The plight of the Chysler Corporation defines a gaping hole in the American system. Washington has no direct means for promoting that high national priority, the reindustrialization of America.

The United States shapes industrial policy case by case or, rather, firm by firm. So only the very largest companies receive attention -- usually when it is too late.

Until recently, to be sure, this country did not need an explicit industrial policy. Business preferred to take the risk of failure the better to heighten the profits of sucess. Labor and most local communities also wanted it that way. Federal authorities were supposed to step in only when general conditions -- a war, a depression or monopoly power -- clobbered the economy as a whole.

But recovery from World War II brought in train a genuinely international economy. The big players are the multinational firms, and just how they play depends in large measure on the rules of the game in their home countries.

In that respec, Japan has been as Ezra Vogel of Harvard pointed out in a recent book, number one. Through its Ministry of Trade and Industry and its control over the banking system, the Japanese government has nursed fledgling companies into giants in steel, chemicals, automobiles and electronics. Through subsidies it has weaned labor and capital away from declining industries.

West Germany, France, Holland and the Scandinavian countries have done nearly as well in pushing their major firms. Even in Britain and Italy, government regularly steps in to prevent industrial failtures.

Not only has the United States not developed an instrument for framing industrial policy, but Americans less interested in the ouput of goods than in the quality of life -- the group I have called Little America -- have taken over many command posts in society and government. They have used their influence to impose upon industry new standards for safety, environmental quality and fair-employment practices.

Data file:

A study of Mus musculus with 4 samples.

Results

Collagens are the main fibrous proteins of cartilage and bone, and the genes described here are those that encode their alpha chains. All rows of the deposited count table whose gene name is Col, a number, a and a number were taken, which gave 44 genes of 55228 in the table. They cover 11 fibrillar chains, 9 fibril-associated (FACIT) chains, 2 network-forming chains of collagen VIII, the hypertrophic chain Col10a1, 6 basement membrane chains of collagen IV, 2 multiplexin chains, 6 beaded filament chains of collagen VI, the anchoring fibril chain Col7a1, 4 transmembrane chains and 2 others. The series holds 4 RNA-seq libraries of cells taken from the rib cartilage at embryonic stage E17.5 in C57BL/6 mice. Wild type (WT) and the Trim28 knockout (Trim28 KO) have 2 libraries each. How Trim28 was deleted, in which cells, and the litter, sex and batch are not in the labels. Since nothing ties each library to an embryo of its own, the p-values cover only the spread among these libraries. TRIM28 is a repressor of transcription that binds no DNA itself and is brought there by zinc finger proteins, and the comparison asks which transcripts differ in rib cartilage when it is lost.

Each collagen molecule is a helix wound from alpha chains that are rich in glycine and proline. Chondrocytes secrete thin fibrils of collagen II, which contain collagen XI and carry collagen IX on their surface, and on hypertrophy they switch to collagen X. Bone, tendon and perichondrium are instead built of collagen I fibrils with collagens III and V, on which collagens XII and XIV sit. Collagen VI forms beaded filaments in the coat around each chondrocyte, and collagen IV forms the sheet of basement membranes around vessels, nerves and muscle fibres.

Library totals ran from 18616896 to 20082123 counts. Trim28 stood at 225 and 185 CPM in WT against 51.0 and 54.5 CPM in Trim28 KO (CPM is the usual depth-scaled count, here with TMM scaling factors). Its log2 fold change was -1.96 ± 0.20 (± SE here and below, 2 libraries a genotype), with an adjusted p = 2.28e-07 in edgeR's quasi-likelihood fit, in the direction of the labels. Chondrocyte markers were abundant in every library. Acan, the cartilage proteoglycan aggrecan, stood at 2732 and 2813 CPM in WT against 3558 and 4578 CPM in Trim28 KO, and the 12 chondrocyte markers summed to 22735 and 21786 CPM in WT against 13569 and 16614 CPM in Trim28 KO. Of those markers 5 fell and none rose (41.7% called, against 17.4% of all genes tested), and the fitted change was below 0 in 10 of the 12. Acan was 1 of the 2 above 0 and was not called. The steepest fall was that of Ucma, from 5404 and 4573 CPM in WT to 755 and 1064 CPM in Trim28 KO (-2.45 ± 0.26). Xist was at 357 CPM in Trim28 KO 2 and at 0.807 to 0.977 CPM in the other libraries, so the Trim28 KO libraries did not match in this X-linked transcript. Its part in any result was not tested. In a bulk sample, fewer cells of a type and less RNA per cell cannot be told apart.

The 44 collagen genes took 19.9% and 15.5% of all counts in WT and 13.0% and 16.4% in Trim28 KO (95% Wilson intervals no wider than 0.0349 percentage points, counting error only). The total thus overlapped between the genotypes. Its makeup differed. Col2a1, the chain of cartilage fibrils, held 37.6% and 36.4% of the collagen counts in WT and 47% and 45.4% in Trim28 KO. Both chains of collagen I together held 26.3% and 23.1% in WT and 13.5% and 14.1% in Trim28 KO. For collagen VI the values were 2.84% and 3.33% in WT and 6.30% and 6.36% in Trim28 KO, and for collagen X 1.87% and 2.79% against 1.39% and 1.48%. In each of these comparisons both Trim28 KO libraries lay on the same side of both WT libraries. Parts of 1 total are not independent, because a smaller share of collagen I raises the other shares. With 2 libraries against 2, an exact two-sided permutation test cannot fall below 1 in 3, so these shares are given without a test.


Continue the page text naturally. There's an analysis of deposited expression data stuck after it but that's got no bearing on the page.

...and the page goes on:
So Big America -- the part of the country most interested in producing goods -- has recently experienced acute difficulities. Railroads, highways and ports have been allowed to run down. Basic industries -- steel, shipbuilding, autos, chemicals, rubber and textiles -- have lost their competitive edge or been forced to change locactions in ways that leave behind industrial wastelands.

Numerous firms within these industries have gone bust, or close to it: Penn Central in the railroad field, for example, or Youngstown-Lykes in steel. Chrysler represents the auto industry's entry into the bankruptcy sweepstakes.

The company has always lagged behind General Motors and Ford, and it slipped further behind in the '60s because of bad management. Though it led the other two American manufacturers in the development of smalll cars after the oil embargo of 1973, Chrysler lacked the resources to finance what amounts to a tolal conversion of plant. So all this year it has been losing money and market share.

Hundreds of thousands of jobs are now in jeopardy. Most of them are in the city of Detroit, and a large fraction are held by blacks. GM and Ford cannot take up the slack. Unlike Chrysler, which has 23 plants in Detroit, GM and Ford have long moved out of town and toward other parts of the country. Ford does not have a single one of its 28 recent or pending plants in Detroit. GM has only one of its 33 recent or pending plants in the city.

Perhaps the ideal way to save the jobs would be an arranged bankruptcy -- with the management going down but some flush foreign firm stepping inquickly to take over and operate what is left behind. But there is no facility for such an arrangement, and an unmanaged bankruptcy would take years, and force suppliers and dealers to the wall.

So the Carter administration has stepped in with a plan to save Chrysler. It calls for government guarantees of $1.5 billion in bank loans -- far more than orginally stipulated by Secretary of the Treasury G. William Miller. An equal amount of money will be raised elsewhere -- mainly from pension funds and local state governments. The deal smells of a political favor done by a weak president for a powerful constituent. Still it will probably not be enough to save the company in the long pull.

The lesson is that this country needs to develop an industrial policy with an agency responsible for its application. Otherwise, there will be more and more Chryslers, and less and less chance of achieving the reindustrialization of America.